There are many types of eczema, and each may have causes and triggers related to genetic conditions, stress, and other factors. People with eczema usually have an immune system that produces inflammation after contact with certain materials or due to environmental factors, leading to dry and itchy patches of skin.
No matter the causes, eczema is a condition that can be successfully managed in many cases. In observance of National Eczema Awareness Month this October, below are some basic guidelines that can help keep eczema under control.
Find the triggers
Certain materials and products at work, in the home, or in the environment can trigger eczema. Specific climates and seasonal weather changes can place you at greater risk of flareups. For example, places with extreme temperatures or very dry or humid air may make you more vulnerable to eczema triggers than places with moderate climates.
Regardless of your environment, it’s important to recognize and understand your specific triggers, because everyone has their own profile of allergies, reactions, and genetic predispositions. Discovering exactly what your triggers are can help you can avoid them as much as possible. This knowledge also can help your doctor determine what treatments may work best for you.
Making a list of activities and exposure can make it easier for you and your doctor to figure out what is triggering your eczema flareups. Keep track of these details:
- The skin care products, chemicals, soaps, makeup, household cleaning products, and detergents you use
- What kind of stress you experience, when, and how often
- Diet information, including regular meals, snacks, and beverages
- Activities that put you in contact with the elements outdoors (hikes, walks, beach and pool activities, gardening, etc.)
- Length of time in the bath or shower, and your usual water temperature
Not everyone finds it convenient to keep a correctly detailed eczema diary. Technology can help. Click here for details on an eczema tracking app for smart devices. Remember that flareups may happen long after exposure to an irritant or allergen, and these delays can make some triggers hard to identify.
- Keep skin moisturized, as dry, scaly skin is an invitation for a flareup. It’s important to moisturize your skin multiple times a day with a rich moisturizer.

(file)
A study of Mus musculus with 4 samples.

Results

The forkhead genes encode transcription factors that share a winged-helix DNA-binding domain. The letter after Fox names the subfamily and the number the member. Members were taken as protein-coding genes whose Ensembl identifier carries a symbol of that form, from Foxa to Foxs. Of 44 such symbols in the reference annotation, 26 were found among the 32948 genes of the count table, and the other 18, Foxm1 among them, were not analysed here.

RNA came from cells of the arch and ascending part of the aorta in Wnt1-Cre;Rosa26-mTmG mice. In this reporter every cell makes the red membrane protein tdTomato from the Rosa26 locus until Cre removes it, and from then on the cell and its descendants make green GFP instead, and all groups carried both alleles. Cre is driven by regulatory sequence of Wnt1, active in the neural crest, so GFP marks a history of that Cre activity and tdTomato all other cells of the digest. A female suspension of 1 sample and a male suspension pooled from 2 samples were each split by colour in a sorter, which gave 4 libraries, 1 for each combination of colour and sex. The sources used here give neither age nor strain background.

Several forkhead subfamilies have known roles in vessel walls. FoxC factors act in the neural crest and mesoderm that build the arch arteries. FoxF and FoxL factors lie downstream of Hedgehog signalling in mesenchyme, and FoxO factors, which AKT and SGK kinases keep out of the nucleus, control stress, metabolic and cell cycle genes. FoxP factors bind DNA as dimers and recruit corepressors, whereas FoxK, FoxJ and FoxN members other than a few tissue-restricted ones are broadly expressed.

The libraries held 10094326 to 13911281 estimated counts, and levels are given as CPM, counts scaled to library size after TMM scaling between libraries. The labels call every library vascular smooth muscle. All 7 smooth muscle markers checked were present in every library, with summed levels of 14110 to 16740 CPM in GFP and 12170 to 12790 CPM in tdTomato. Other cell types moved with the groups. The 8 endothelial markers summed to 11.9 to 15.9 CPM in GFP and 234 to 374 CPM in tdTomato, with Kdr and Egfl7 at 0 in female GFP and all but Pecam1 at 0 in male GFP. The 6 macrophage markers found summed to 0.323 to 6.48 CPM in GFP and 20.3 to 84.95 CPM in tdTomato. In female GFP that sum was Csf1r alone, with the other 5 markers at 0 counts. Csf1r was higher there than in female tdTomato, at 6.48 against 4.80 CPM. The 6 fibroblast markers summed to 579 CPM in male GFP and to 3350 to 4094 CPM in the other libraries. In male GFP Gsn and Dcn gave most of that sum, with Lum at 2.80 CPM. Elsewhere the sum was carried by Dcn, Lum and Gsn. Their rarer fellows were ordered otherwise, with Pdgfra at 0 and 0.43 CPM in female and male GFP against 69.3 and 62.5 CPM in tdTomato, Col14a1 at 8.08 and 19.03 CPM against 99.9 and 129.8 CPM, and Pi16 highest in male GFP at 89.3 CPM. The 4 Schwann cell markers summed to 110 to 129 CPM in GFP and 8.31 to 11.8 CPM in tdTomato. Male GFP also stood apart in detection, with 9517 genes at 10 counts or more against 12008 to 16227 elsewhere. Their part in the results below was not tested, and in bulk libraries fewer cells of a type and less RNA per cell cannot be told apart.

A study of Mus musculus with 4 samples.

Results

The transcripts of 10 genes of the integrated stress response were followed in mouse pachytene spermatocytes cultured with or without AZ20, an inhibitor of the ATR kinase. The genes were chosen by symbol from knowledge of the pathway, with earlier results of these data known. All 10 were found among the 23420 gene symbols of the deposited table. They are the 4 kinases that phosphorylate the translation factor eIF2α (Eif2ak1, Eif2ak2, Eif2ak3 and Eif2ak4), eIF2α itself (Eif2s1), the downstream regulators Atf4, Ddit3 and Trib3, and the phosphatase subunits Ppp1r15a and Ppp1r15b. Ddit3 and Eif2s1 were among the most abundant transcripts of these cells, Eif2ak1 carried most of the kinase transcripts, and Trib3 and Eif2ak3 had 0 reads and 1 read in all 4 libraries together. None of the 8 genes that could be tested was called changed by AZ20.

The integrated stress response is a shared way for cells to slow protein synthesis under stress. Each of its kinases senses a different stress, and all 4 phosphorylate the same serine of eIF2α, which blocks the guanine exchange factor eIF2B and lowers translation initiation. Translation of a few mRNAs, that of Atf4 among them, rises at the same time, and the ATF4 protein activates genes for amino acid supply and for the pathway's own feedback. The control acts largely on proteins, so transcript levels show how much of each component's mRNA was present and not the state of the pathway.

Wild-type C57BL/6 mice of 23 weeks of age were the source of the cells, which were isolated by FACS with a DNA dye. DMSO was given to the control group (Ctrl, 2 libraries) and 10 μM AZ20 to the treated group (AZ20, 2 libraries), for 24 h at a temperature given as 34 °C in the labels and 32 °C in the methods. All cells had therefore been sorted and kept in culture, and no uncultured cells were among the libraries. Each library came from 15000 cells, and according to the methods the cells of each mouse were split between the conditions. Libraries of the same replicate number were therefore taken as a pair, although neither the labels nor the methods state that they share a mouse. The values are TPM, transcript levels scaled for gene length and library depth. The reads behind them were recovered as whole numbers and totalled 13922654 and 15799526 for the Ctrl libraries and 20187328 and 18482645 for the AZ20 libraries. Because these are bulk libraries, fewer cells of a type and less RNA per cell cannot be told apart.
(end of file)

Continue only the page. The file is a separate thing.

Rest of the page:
- Keep your home extra clean, starting with keeping carpet, rugs, bedding, and furniture as dust-free as possible. Allergies to pet dander, mold and mildew, pollen, and dust mites have causal links to eczema flareups and can make symptoms worse.
- Use mild and fragrance-free soaps and cleaners. Hand soap, dish and laundry detergent, body wash, shampoo, and anti-bacterial soap can irritate skin.
- Use mildly warm or cool water, so that your skin is less stressed after handwashing and showering.
- Wear gloves when using cleaning products, as many surface cleaners and disinfectants can irritate skin.
- Avoid nickel, chromium, cobalt chloride, copper, and gold. Check your dinnerware, decorative objects, jewelry, and tools for these metals if it seems you are sensitive to them.
- Avoid using scented products. Chemicals in lotions, shampoo, cologne, and perfume can cause flareups.
- Stress hormones often cause inflammation, so try relaxation techniques that help reduce stress and anxiety.
- Choose loose-fitting clothing made from fabrics that breathe, like cotton or bamboo. Fabrics such as wool and polyester may irritate the skin.
- Wear light, breathable clothing on hot days, and turn on the air conditioning. If your eczema flares up during strenuous activities or when sweating, stop and apply cool compresses.
Talk to an expert
A board-certified dermatologist can create a treatment plan tailored to your specific type of eczema and your habits and environment. Dermatologists also can explain how often to bathe, moisturize correctly, and choose products that are less likely to trigger eczema. Through proper skin care, avoiding triggers, and medication or light therapy as needed, most people can keep their eczema under control.
Click here to learn more about UAB Dermatology, which is one of the top programs in the nation for managing complex skin disorders. In fact, it is one of only six Skin Diseases Research Centers in the United States, as designated by the National Institutes of Health.